Cloud computing in healthcare is promising as it enables to create a pool of centralised data. The technology will revolutionise the data accessibility informs Rahul Narang, Chief Technology Officer, Lybrate in conversation with Prathiba Raju of Elets News Network (ENN)
Could you give us an insight into the prospects of cloud computing in India and the services offered by Lybrate?
In the present scenario when small and medium enterprises (SMEs) are contributing significantly to India’s economic growth and start-ups are booming here, the future of cloud computing in the country is very promising. With cloud computing, SMEs and start-ups not having to physically set up and manage IT infrastructure, they can use third party resources and pay for only those technologies which they require to scale their businesses. The ‘pay-asyou- scale’ model with cloud computing results in cost efficiency, and allows businesses to focus on their core work. Besides cost saving, cloud technologies build redundancy easily and helps to keep critical data secure.
How important is cloud technology in healthcare?
Cloud makes data accessible from anywhere and anytime. Providing doctors greater access to patients’ medical records and past health history, helping them make better decisions for their patients and treat them efficiently. The ease of accessibility to patient data that cloud services create is immensely beneficial for healthcare companies and medical professionals. Moving forward, cloud will enable data storage from different sources at one location, creating a pool of centralised data revolutionising data accessibility. Besides, prediction of diseases would become far more realistic with the analysis of the aggregated information.
Why are many healthcare ventures, particularly startups and business are shifting to cloud, mobile technologies rapidly?
With cloud technology, start-ups do not need to build their own IT infrastructure and burn energy on maintaining it. They can rely on cloud services being offered by third party resources and focus on their core job. The model is scalable and cost efficient for companies.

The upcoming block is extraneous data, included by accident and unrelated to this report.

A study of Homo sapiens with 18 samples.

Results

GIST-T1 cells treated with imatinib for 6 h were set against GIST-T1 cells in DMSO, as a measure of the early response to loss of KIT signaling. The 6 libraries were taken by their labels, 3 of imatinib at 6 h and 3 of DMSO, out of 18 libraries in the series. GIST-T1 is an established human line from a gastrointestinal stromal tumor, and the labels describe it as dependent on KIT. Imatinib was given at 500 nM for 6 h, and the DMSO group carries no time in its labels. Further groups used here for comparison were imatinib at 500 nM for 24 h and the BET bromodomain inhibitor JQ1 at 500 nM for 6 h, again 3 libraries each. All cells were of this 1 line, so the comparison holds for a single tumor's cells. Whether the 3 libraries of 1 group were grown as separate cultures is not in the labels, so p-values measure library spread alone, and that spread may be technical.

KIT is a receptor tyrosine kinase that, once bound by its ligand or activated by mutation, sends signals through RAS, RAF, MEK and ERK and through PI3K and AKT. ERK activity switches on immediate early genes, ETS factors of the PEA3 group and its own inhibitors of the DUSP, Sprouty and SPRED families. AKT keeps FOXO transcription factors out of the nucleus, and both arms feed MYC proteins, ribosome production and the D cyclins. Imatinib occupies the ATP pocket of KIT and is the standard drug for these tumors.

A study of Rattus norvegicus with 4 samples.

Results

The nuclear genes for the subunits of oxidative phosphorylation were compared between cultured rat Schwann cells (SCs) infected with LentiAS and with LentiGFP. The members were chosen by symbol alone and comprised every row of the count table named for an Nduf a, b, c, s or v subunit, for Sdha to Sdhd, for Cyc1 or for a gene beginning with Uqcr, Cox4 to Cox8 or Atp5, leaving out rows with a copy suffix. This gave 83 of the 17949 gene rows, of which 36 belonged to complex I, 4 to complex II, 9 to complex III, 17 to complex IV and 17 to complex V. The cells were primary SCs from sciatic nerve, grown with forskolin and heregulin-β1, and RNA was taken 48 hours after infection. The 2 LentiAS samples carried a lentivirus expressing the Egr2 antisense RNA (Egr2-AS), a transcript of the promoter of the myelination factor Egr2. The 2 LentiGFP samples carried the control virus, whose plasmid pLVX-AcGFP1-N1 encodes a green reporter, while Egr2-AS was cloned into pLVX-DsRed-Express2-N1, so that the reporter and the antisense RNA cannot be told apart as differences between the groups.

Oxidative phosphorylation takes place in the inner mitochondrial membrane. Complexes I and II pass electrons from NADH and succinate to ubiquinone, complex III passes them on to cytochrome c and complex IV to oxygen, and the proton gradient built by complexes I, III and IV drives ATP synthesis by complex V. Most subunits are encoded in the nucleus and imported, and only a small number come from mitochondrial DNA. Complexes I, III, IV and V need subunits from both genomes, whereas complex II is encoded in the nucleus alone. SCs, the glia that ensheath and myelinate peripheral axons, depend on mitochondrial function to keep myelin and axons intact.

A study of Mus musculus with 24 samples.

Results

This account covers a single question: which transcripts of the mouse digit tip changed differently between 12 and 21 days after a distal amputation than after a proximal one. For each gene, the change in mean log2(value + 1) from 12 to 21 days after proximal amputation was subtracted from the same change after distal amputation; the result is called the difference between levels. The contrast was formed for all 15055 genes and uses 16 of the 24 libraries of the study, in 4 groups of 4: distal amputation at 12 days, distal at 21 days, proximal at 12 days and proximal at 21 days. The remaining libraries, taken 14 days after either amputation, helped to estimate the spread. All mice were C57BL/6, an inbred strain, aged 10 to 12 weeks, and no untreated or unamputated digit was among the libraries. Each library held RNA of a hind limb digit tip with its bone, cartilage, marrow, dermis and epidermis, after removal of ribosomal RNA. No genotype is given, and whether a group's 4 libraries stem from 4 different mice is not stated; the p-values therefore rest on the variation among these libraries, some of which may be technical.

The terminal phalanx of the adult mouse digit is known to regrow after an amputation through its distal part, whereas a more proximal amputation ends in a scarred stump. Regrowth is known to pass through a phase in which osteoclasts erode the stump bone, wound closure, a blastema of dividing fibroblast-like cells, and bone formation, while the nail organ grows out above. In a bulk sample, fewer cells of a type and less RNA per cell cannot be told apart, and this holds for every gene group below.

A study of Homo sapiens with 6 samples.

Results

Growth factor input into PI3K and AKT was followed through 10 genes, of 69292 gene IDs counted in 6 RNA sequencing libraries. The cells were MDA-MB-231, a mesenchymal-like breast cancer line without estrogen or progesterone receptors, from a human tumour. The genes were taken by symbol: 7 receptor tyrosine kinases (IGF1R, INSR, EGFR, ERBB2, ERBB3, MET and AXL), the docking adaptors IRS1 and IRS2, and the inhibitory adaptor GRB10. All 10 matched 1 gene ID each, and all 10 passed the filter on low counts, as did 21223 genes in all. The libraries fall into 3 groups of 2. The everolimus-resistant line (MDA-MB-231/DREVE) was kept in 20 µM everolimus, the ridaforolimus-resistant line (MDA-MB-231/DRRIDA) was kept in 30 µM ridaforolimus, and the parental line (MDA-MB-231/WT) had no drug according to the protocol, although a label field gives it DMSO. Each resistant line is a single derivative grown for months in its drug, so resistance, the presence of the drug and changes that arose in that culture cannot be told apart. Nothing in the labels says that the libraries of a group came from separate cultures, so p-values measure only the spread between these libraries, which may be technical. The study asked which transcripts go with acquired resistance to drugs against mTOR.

What should be done to radically change the healthcare service delivery with ICT intervention? Is your company doing something in this regard?
As discussed already, the core problem in India healthcare is inaccessibility of doctors on account of shortage of healthcare experts in the country. This is the fundamental problem that Lybrate is solving with the use of technology. Our healthcare communication and delivery platform is the first-of-its-kind in India that allows users to communicate with doctors from anywhere, anytime. By letting this happen, we have bridged the gap between patients and doctors and made healthcare accessible. Perhaps, this was not possible without the use of technology.
What are your growth plans at healthcare organisation by way of IT?
We are democratising Indian healthcare by letting people communicate with doctors from anywhere, anytime. This has eliminated boundaries for doctors who could now reach out to people beyond their geographical location of practice. Besides, our unique health feed consisting of health tips from doctors aims at encouraging preventive mindsets among the people and help them live healthy and fit. Lybrate has taken upon itself the gigantic task to make healthcare accessible to the billion plus population of India and we are making the maximum use of technology to let this happen.